The Challenger case study

Space shuttle Challenger

Groupthink is present in space shuttle Challenger case. One of the worst space disasters was led by flawed decision making process and decision made a night before the launch. In 1986, Kennedy Space Centre experienced the Challenger explosion killing seven astronauts. 73 seconds after the launch, space shuttle crashed. Launch temperature was well brow the previous temperature at which the shuttle engines had been tested and this resulted in an explosion.

Theory and evidence

The final meeting took place throughout the day and evening. This was due to the following decision not to launch due to high crosswinds at the launch site. Discussion continued with a help of teleconference technology.

The Level I Flight Readiness Review is the highest level of review prior launch. This involved the highest level management at three space centres and MTI (private supplier of a solid rocket booster engines). MTI engineers recommended not to launch if the temperature of O-ring seals on the rocket was brow 54 degrees (Fahrenheit). This was the lowest temperature of any previous flights. The recommendation was made one day before the launch. Throughout the ensuing discussions, launch decision was made.

Antecedent Conditions

There are three antecedent conditions for the development of groupthink.

1. Cohesive group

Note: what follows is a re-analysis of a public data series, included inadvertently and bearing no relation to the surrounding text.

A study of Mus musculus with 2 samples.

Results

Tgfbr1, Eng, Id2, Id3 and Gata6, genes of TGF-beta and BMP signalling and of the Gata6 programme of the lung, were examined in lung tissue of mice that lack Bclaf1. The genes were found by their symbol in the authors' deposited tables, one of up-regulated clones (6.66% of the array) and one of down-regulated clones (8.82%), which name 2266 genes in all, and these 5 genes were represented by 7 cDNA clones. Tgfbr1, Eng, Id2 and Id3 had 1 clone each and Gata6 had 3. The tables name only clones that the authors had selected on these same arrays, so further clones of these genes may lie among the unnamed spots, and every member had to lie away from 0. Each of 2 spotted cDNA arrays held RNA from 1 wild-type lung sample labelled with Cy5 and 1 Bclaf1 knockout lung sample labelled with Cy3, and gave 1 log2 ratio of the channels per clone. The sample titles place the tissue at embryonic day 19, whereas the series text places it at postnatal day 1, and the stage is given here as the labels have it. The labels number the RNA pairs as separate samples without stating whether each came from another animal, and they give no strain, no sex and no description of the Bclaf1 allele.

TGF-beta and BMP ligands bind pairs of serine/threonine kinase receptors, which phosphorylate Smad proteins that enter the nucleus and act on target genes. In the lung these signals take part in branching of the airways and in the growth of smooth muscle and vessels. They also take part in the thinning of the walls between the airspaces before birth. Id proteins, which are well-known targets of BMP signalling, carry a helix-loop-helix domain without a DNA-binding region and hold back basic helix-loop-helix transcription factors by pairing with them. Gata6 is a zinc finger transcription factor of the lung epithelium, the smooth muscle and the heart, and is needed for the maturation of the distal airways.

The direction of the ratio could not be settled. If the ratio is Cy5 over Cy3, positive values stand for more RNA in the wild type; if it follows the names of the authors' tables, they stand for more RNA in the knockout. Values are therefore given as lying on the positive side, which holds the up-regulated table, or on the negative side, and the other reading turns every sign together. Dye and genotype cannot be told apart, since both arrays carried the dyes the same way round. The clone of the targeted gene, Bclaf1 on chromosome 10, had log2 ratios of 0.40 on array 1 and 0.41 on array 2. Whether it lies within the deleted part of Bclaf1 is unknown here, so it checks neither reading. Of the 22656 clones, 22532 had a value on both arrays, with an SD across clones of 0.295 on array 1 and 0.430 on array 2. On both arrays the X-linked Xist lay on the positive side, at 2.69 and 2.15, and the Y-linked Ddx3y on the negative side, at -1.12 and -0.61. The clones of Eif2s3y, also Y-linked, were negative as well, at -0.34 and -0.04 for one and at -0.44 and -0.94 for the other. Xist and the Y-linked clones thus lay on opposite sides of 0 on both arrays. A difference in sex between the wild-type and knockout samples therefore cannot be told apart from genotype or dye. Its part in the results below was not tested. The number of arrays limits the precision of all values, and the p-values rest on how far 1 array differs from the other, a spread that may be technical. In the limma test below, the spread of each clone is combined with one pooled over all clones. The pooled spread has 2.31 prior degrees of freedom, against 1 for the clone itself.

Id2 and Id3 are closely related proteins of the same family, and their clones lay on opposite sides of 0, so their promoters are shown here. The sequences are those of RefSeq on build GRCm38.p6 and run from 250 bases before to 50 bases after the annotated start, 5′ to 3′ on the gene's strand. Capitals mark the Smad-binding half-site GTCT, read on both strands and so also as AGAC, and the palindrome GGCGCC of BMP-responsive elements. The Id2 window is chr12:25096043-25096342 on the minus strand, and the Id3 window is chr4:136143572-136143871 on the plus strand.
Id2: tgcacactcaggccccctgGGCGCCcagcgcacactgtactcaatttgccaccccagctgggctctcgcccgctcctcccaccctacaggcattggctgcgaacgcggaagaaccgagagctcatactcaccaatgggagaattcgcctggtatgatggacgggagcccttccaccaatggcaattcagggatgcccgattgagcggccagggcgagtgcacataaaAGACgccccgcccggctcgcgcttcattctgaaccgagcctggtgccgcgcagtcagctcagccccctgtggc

The group worked together for many years. They were familiar with one another, growing together through ranks of the space program.

2. Leader preference

Top level management actively promoted their pro-lauch opinions in the face of opposition. Several managers at space centres and MTI pushed for the launch, regardless of low temperature that was pointed out by engineers.

3. Insulation from Experts (qualified outside opinion)

MIT engineers made a recommendation early in the evening. Top decision makers knew of their objections but did not meet with them directly to review the data and concerns.

Adapted from

Bazerman, M.H. and Moore, D.A., 1994. Judgment in managerial decision making (p. 226). New York: Wiley.

Common biases in decision making

In general there are three general heuristics namely availability, representative and confirmation heuristics. They encompass eleven specific biases.

Cognitive bias

Economists claim individuals are rational decision makers. They collect a lot of information, examine all alternatives and make decisions that maximise personal satisfaction. However, we do not make decisions in such manner. Mount Everest tragedy In 1996 two Mount Everest expedition teams were caught up in storm high up in the mountain. Both team leaders…

Heuristic definition

Individuals rely on rules of thumb (heuristics) to lessen the information processing demands of making decisions.

Availability heuristic

The inferences we make about event commonness based on the ease with which we can remember instances of that event.

Retrievability bias

We are better at retrieving some subjects from our memory than other things. Individuals base judgement on commonality and easier base strategies.

Base rate fallacy

People tend to ignore background information relevant to the problem such as base rate. We tend to assume that causes and consequences are related.

Gambler’s fallacy

Simple statistics claims each event in a sequence is equally likely to occur. But individuals believe random and non-random events will balance out.

Small sample size fallacy

Simple statistics state that we are more likely to observe an unusual event in a small sample compared to a large one. Learn more.

Conjunction fallacy

Describes how conjunction is judged to be more probable than a single component descriptor. Intuitively thinking, something appears to be more correct.